Dining Room Tables




The importance of having the ideal dining table can't be overstated. After all, it's where two of the most treasured things in life — family and food — come together each day. Whether it be a holiday feast or cozy weeknight dinner, the right table enhances mealtime. Factors such as shape, material and color are all important considerations when selecting the right table for your home.



Remember the Room's Shape



A useful place to start in the search for your dining table is choosing a shape that works for the room. Think rectangular tables for longer spaces that have a classic aesthetic, or round tables in smaller corners or square-sized rooms — keeping every dish, side and sauce well within reach. Enjoy eating in a more open area, such as a deck or patio? Consider a durable outdoor table as well. For instance, an extendable wood one seamlessly blends in with any event, while another with a glass-top surface complements more formal gatherings. Either way, don't forget a furniture cover for when the weather turns bad.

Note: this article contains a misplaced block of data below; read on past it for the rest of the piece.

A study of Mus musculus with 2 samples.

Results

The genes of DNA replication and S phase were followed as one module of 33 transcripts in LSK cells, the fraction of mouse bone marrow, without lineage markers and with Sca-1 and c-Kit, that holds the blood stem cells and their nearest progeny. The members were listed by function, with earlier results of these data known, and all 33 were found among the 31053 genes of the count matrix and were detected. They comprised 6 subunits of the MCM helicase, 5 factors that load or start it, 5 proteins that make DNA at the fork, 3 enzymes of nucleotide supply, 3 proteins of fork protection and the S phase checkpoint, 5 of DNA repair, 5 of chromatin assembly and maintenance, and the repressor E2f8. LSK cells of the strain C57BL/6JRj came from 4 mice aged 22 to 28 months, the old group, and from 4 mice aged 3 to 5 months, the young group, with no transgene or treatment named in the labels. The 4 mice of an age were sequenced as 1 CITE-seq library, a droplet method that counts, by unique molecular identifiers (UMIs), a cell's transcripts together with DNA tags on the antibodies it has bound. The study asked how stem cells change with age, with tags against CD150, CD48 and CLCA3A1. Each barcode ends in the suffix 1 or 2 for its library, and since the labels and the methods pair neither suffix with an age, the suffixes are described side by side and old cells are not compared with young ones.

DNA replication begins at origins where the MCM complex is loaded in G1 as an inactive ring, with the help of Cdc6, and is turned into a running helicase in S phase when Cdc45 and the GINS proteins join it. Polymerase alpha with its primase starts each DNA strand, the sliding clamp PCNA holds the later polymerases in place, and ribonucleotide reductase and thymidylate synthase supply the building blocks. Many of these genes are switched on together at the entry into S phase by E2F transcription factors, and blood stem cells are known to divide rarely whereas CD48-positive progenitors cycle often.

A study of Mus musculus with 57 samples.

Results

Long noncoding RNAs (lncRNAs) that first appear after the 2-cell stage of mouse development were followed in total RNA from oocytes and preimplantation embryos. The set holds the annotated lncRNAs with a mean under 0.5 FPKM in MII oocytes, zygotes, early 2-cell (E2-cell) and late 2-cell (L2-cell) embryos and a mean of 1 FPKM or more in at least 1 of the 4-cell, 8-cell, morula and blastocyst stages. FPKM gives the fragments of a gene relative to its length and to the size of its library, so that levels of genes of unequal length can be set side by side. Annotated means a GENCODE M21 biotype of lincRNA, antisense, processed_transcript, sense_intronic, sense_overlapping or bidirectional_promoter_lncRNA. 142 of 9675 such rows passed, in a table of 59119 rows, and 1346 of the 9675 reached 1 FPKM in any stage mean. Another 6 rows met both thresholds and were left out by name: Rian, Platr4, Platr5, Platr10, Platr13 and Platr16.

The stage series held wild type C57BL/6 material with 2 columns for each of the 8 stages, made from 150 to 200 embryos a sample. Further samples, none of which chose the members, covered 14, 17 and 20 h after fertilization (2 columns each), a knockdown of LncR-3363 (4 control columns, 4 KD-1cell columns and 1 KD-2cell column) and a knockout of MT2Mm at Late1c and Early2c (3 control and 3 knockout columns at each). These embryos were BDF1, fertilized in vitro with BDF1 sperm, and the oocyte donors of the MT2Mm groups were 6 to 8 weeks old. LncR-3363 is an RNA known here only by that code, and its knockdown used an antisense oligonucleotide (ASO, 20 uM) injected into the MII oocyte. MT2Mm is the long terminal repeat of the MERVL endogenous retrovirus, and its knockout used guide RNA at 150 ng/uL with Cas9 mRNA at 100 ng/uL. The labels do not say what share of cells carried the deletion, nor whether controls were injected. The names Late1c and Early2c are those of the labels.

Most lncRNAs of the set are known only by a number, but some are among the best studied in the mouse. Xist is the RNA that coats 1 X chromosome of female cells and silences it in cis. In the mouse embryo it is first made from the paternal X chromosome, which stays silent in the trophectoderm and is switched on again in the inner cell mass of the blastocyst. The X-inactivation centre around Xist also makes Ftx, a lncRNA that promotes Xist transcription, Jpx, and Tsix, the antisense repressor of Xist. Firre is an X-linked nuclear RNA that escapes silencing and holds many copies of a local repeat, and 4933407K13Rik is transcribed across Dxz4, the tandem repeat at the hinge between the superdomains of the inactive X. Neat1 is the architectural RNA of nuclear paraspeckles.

Be Mindful of Material



In addition to the table's size and shape, the material it's made of gives the dining room a distinct feeling. Wooden tabletops enhance a warm ambiance, whether it be lighter oak, rich walnut or anything in between. Going for a more sleek and industrial look? Stainless steel legs or a zinc-treated tabletop are just a few other options to pursue. If you still can't decide on a single material, don't fret; metal tabletops supported by wooden legs (or vice versa) allow you to take a more eclectic approach with your dining furniture.



Save Room to Sit



If you have dining room chairs picked out and ready to go, it's never a bad idea to consider how they'll fit with a table's support. Round pedestal tables with thin bases leave lots of sitting room, while the cross beams of rectangular tables' legs help dictate where chairs fit comfortably. Still, it's just as important to consider the aesthetic as well the pragmatic. For example, intricate brass tubing with an angular look features a style that's quite different from that of a steel and aluminum-wrought French style base.